By Barani Krishnan
Investing.com – Meet once a month to mitigate any selloff and keep a barrel above $100 by stating cursory production hikes that won’t be met anyway — OPEC+ executed to perfection another scripted monthly move on Thursday that pulled crude prices from recent lows forced by China’s Covid situation and worries over U.S. growth.
crude, the London-traded global benchmark for oil, was down 60 cents, or 0.5%, at $109.54 a barrel by 11:55 AM ET (15:55 GMT) after the May meeting of OPEC+ agreed to a standard production hike of 432,000 barrels per day that has become inconsequential to the market’s supply-demand picture.
New York-traded , or WTI, the benchmark for U.S. crude, was down 90 cents, or 0.8%, at $106.91.
Prices had rallied earlier in the session and came off after Brent peaked at nearly $114 and WTI rose to above $111 — just above their recent resistance. Crude prices started the week on weak footing, with Brent struggling to hold at $103 and WTI almost falling to below $100, as the U.S. crude benchmark threatened to reprise last week’s lows of around $95.
OPEC+ has managed to push crude prices up at each of its meetings over the past year by offering a meager hike of 400,000 barrels per day in monthly production to a market where demand is well above, after the disruptions caused by Covid 2020.
The alliance — made up of the 13 original members of the Saudi-led Organization of the Petroleum Exporting Countries and 10 other oil-exporting nations steered by Russia — has invariably produced less than what it pledged month-after-month, adding to the crude rally.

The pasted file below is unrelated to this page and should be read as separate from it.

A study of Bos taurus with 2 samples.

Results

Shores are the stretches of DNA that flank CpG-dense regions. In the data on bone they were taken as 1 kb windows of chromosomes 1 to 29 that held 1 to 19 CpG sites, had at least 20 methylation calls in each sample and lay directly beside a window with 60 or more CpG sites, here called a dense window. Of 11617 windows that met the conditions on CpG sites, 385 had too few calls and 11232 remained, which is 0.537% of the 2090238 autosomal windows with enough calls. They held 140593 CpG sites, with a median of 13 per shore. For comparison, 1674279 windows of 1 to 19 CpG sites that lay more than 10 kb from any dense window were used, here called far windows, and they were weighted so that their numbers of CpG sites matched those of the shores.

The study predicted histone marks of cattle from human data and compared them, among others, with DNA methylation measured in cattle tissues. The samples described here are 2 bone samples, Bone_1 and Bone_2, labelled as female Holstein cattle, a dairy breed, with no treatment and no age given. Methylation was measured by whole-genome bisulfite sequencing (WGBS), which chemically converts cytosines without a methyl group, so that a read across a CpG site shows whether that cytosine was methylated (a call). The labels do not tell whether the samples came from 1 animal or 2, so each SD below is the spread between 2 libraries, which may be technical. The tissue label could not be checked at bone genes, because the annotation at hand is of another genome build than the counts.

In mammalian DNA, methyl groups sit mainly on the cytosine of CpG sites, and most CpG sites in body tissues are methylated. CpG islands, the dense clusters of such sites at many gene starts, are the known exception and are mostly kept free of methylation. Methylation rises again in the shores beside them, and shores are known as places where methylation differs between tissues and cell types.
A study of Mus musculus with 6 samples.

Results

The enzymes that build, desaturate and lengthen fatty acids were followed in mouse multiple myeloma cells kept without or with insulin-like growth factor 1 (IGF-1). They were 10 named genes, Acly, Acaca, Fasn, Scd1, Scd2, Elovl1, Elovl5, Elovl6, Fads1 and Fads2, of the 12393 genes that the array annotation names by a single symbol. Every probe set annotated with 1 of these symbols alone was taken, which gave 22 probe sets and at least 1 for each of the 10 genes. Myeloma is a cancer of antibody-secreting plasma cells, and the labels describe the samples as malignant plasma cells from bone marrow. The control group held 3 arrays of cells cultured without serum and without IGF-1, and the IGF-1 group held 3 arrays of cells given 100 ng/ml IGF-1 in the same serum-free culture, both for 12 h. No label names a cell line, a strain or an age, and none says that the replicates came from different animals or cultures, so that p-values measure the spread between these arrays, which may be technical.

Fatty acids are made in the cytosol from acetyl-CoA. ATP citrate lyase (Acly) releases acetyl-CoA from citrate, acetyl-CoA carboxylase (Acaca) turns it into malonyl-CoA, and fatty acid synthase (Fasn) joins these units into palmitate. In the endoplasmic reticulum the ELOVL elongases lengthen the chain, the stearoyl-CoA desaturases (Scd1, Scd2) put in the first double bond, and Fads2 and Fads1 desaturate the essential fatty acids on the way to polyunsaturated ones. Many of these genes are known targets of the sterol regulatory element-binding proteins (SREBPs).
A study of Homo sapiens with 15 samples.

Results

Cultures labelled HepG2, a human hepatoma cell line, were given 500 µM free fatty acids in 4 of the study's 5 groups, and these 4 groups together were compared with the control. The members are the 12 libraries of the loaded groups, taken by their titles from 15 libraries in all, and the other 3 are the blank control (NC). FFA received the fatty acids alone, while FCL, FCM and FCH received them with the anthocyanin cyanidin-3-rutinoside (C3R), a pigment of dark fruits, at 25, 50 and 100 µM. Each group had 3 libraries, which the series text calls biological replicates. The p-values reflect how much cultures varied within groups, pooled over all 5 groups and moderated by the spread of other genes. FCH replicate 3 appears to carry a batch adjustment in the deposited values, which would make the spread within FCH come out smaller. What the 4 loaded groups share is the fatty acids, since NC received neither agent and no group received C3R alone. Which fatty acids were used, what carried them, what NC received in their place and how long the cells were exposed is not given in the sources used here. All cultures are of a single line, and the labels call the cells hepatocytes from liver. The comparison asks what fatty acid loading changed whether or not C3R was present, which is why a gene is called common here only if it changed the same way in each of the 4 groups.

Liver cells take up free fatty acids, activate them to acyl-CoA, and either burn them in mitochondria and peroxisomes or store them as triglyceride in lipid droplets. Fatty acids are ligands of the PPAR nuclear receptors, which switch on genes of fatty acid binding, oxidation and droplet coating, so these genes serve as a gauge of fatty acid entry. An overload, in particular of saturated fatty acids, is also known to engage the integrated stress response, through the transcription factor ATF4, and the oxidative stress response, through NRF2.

On Thursday, Saudi Arabia and the United Arab Emirates — the biggest producers in OPEC+ sans the sanctioned Russia — affirmed their intent again to pump oil at well below their capacity while Europe inched toward a full ban on Russian energy products amid supply blockades in Libya.
“OPEC has fallen short of even hitting their previous quotas and it’s another bullish factor as many people question (its) ability to raise production with turmoil in Libya and the growing move to (further) sanction Russian oil,” said Phil Flynn, energy analyst at the Price Futures Group commodity brokerage in Chicago.
An EU embargo will likely force Russian oil exporters to reroute flows to Asia and cut production steeply, while the European bloc tries to compete for the remaining available supply across the world. The developments are expected to keep crude prices at above $100 a barrel, analysts said.
Reuters, citing information from two sources at Thursday’s OPEC+ meeting, said delegates to the talks completely avoided any discussion about sanctions on Russia, wrapping up discussions in near record time of just under 15 minutes.
“OPEC+ continues to view this (Russian embargo) as a problem of the West’s own making and not a fundamental supply issue that it should respond to,” Callum Macpherson from Investec said in comments carried by Reuters.
Macpherson noted that only Saudi Arabia and the United Arab Emirates had capacity to lift supply significantly, adding: “If they were to do so, the ensuing falling out with Russia could bring an end to OPEC+.”
OPEC Secretary General Mohammad Barkindo said on Wednesday it was not possible for other producers to replace Russian exports of more than seven million bpd. “The spare capacity just does not exist,” he said.
Oil prices are also up after weekly inventory data on Wednesday from the Energy Information Administration showed the stockpile in the U.S. emergency crude reserve at a 20-year low as the Biden administration continued to release oil from there to a supply-starved market.